Since its release in 2002, Super Troopers has gone on to become one of the most beloved cult comedies of the 21st century. It’s instantly quotable, uniquely weird, and far more than the stoner film the original marketing campaign sold it as. With such a devoted following, fans always wondered if a sequel might happen, and with the help of an Indiegogo campaign, Super Troopers 2 is almost here.
A couple weeks ago, I got to speak with the group behind Super Troopers and Super Troopers 2, Broken Lizard—Jay Chandrasekhar, Steve Lemme, Kevin Heffernan, Paul Soter, and Erik Stolhanske—at the Sweetwater Brewery in Atlanta. During our conversation, we talked about what they learned about crowdfunding a movie, what their writing process is like, lines from the first movie that always get quoted at them, a scene they were disappointed to cut from the script, and more.
Check out the full interview below. Super Troopers 2 opens April 20th.
STEVE LEMME: Yeah. I mean, I think the only studio that could make Super Troopers was Fox because they own the rights to it, and they didn’t really want to do that because I think they felt that the fans weren’t out there, so this was … but they said we could go ahead and raise the money ourselves, if we wanted to. So we took traditional routes and tried to get financiers to come in on it and nobody would come in on it … and I think they had the same fear, that fans weren’t out. So we did this Indiegogo campaign, and we hired the crowd funding guru, Ivan Askwith … and so we did this campaign and raised four and a half million dollars and really that’s how we got the movie done.
PAUL SOTER: Yeah it was funny. We thought it was a very simple kind of process, how you crowd fund … you make a little video, you tell people the deal, you offer whatever shirts or posters … and this guy came in and showed us what a science it is, and it’s just unbelievable when you do it right. Just things like the level of imagination that has to go into all the perks and the content and creating lots of content to keep the process refreshed … and it was fascinating to see the science behind how that gets done right. It worked for us, ya know?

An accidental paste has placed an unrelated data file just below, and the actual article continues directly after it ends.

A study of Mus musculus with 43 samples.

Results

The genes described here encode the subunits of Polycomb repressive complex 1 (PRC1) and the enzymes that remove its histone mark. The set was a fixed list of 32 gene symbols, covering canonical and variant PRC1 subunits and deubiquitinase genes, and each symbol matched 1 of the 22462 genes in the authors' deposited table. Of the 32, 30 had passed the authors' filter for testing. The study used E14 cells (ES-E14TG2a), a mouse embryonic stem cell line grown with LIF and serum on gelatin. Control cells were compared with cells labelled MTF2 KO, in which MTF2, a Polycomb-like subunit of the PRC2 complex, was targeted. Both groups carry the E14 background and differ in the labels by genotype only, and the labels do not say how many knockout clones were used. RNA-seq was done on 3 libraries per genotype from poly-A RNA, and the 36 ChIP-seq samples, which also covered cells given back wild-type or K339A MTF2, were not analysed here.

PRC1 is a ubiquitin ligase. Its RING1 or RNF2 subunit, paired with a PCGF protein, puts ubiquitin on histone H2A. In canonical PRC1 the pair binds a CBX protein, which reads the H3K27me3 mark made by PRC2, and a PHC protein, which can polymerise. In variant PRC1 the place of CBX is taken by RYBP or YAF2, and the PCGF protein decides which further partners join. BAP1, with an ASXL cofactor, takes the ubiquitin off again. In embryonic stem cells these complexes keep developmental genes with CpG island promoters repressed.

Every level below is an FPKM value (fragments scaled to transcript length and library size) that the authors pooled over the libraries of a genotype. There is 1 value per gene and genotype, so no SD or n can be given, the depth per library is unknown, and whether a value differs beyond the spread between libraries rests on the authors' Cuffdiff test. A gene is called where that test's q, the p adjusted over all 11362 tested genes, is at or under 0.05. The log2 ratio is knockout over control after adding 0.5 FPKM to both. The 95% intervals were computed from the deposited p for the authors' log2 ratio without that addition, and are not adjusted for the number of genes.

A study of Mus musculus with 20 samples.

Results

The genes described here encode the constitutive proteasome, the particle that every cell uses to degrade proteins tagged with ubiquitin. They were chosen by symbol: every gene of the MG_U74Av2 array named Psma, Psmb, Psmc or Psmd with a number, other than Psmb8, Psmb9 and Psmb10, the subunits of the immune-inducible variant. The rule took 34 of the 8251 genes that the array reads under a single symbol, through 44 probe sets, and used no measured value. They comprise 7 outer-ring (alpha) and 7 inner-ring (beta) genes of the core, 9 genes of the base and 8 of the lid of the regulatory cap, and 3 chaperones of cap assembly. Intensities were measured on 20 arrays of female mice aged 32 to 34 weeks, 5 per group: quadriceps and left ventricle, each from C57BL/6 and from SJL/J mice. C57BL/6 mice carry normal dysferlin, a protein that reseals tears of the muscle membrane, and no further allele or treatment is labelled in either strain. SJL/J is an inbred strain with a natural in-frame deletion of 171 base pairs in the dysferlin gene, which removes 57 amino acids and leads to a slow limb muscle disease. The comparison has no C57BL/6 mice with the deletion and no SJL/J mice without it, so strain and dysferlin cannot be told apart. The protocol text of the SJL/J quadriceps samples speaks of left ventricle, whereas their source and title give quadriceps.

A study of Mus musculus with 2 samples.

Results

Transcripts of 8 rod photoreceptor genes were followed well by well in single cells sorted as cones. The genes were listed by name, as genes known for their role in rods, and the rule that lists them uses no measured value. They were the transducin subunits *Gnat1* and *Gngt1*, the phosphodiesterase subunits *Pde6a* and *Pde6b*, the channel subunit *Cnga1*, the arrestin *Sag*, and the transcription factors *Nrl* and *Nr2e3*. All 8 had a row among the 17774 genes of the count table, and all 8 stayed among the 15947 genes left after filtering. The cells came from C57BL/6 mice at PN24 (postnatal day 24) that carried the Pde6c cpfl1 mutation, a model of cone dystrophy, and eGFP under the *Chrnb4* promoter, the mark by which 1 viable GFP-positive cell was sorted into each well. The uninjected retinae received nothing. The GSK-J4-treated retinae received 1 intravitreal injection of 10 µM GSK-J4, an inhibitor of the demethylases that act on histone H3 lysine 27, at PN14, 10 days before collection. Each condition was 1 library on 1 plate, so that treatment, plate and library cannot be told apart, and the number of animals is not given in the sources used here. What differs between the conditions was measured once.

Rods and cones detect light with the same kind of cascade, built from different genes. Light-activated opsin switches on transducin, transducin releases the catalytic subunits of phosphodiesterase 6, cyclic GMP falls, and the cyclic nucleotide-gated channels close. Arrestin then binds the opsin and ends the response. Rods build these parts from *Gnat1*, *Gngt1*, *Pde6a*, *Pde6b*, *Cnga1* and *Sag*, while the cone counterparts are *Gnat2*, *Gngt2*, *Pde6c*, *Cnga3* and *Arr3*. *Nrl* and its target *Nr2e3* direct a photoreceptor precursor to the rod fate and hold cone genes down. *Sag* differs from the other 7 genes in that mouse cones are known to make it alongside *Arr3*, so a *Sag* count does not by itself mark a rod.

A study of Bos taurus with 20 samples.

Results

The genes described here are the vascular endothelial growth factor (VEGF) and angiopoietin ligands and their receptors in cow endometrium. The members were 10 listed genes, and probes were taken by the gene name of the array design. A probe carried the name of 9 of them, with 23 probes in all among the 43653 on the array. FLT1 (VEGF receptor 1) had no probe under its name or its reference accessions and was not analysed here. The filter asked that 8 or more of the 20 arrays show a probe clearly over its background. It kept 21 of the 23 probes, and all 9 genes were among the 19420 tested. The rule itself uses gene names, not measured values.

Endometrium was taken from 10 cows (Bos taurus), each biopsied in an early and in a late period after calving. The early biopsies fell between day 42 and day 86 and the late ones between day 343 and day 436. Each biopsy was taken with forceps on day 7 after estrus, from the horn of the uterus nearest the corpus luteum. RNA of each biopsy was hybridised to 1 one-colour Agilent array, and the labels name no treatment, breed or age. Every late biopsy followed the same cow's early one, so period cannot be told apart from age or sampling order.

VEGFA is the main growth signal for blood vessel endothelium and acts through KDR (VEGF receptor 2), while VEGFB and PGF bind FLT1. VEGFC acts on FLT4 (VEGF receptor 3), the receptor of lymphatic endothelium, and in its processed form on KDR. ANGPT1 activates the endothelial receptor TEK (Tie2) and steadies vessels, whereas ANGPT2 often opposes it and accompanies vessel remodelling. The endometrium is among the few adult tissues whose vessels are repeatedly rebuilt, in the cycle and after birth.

ERIK STOLHANSKE: Well, they do have to create a campaign. I mean we started like six weeks before we launched, it was like a political campaign. Campaign Farva in the trunk … somebody might come and check back every day to see if he’s ever going to get out, so we’re bringing people back …. and really incorporating the fans and making sure that you’re making a movie with them and incorporating them in the process.
Did it exceed your expectations in how much people responded in terms of what you thought the baseline would be and how far beyond it went to that?
JAY CHANDRASEKHAR: I mean there was a great fear that people would be like, “Yeah, we loved that first movie, but you guys just … why should we pay for it?” And so if that had happened there would be no sequel. So it’s literally … I mean, so we put the number at 2 million bucks. You can’t really make the kind of movie we make for 2 million bucks anymore. And so yeah, that happened in 24 hours … and in 30 days it was at 4.5. I think it’s at 4.75 now. I mean, it’s done, but that’s the number.
SOTER: It’s funny because there’s this celebration of like, “Oh wow, yeah. They’re out there. They stepped up. We got this money.” Followed by the inevitable like, “Gah, why didn’t we set the bar higher because then we could have gotten all the money,” because we still had to go out and raise money, and that still took forever. You have to … what I didn’t understand at the time is you don’t spend that money within the calendar year, you get killed on all these taxes. So we had to go out and start shooting the movie without having the money to make the movie. So we went and shot for a week … then had to go raise the rest of the money and then go back. And that’s just a bizarre way to do things too … so everything about how this movie was made was different than anything we’d ever done.